Tips to Get Your Condo Ready for Winter

Tips to Get Your Condo Ready for Winter

With a mild start to Fall, colder weather may seem like a long way off. It’s particularly easy to procrastinate in rainy Vancouver. Eventually, we will see a cold snap and rather than get stuck with higher heating bills or a nasty repair bill, there are a few things you can do to prepare your condo for the colder months - and save money at the same time.

1. Humidity is Your Friend


As a bonus, humidity not also improves air quality but also helps prevent:

  • Dry Throats

  • Cracked Lips and Skin

  • Dry Eyes

  • Static Electricity Shocks

Be sure to monitor the moisture levels because too much humidity can lead to damaging condensation on windows and drywall.

2. A Rug or Two Makes Home a Whole New World


3. Protect Your Patio Furniture

Winter weather can put a lot of wear-and-tear on patio furniture. We recommend you cover your furniture and bring in any cushions inside.


If you have a hose on your balcony or patio, make sure your garden hose is unhooked from the faucet. Any water left in the hose can freeze in a cold snap and apply pressure on your pipes! At a minimum the frozen water could split your hose. Avoid having to buy a new hose of the possible water damage from a burst pipe and unhook your hose.

5. Keep a Little Heat on When You’re Away

While a condo owner was away on vacation, he was notified by the strata property manager that a frozen pipe in the sprinkler system had burst in his condo and water had run throughout his entire unit and to the unit below. The resulting damage was more than $50,000.

When temperatures drop, the risk for frozen and burst pipes is heightened. Condos that serve as secondary homes or those that are unoccupied for extended periods of time are even more vulnerable because when no one is home, the water can run undetected for hours. To prevent this, set the heat at a minimum of 18°C or 65°F while you’re away to ensure that the pipes in your home do not fall vulnerable to cold temperatures.

6. Check Window Seals

During a severe storm, wind-driven rain penetrated the window seals of a condo owner’s 15th floor apartment, allowing for water to enter. As a result, water collected underneath the hardwood flooring, causing discoloration and warping to the wood, and resulting in damage that exceeded $20,000.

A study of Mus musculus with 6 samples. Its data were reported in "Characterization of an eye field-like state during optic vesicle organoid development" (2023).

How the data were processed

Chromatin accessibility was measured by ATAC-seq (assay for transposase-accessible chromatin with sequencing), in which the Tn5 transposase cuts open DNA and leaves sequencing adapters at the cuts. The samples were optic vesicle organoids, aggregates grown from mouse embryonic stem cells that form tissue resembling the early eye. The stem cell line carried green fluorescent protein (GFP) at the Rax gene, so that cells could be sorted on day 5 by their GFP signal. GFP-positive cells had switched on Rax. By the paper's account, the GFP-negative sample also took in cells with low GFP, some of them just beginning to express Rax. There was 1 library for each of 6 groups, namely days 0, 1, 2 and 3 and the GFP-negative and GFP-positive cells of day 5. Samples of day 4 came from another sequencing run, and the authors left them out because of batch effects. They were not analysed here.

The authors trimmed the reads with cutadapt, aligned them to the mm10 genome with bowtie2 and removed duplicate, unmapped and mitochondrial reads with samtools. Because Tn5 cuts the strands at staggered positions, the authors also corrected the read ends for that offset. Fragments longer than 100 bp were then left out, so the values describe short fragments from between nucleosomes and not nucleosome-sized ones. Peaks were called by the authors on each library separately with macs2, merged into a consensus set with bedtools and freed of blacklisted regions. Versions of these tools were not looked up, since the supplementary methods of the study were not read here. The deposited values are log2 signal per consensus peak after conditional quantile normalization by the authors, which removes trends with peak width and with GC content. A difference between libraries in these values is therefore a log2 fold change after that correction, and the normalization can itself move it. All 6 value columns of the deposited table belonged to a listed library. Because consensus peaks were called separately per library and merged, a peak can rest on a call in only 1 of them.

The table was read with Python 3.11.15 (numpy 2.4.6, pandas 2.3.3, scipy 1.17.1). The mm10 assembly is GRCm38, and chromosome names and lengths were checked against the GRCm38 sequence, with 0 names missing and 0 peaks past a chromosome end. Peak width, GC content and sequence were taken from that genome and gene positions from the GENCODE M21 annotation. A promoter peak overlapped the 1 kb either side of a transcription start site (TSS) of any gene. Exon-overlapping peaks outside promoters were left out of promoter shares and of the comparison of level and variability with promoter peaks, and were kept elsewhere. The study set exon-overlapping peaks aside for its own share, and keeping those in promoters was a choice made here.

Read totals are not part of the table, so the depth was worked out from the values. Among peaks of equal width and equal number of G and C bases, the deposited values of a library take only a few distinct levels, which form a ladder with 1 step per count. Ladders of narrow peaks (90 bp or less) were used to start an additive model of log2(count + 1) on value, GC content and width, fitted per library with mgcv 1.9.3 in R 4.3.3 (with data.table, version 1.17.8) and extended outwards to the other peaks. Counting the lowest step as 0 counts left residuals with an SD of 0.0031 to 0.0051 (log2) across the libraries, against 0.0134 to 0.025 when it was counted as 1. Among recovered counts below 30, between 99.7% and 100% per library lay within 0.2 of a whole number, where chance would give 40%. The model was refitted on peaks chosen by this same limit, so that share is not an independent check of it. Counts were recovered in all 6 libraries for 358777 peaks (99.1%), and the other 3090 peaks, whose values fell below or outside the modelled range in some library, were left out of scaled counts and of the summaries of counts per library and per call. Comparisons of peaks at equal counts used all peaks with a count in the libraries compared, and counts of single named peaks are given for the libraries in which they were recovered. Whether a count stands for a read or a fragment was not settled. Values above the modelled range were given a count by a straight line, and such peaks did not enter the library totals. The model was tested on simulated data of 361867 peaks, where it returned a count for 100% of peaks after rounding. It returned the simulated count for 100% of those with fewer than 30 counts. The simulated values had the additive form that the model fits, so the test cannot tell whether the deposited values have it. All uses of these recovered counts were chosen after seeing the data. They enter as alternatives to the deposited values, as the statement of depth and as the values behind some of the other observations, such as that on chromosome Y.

While your building may be fine under normal rainy weather conditions, high winds can cause rain to hit exterior walls at a sideways angle allowing water to enter through sealed areas, like windows and doors. Taller buildings that experience greater wind exposure and penthouse condos located at the top of these buildings are often most vulnerable.

Check your window seals for dampness around the edges of windows or on window ledges and cracking. These are signs that your window seals may be deteriorating. Depending on your building, it may be your responsibility to replace them. Check your building’s bylaws to determine who is accountable and contact your building’s property manager (if it’s their responsibility) or a professional (if it’s your responsibility) to evaluate them and replace them if necessary.

7. Clear Drains

Following a series of heavy rains, a unit owner discovered pooled water on the floor of their home. Later it was determined that a clogged drain line on the exterior of the building was preventing the water from properly draining which allowed the water to enter through an air conditioning duct. Damage to the wood floor, which became warped from the standing water, amounted to more than $6,000.

Depending on your building, it may be your responsibility to clean the balcony or patio drains or gutters. Ensure that the drain lines are cleaned twice a year to prevent a water backup from occurring.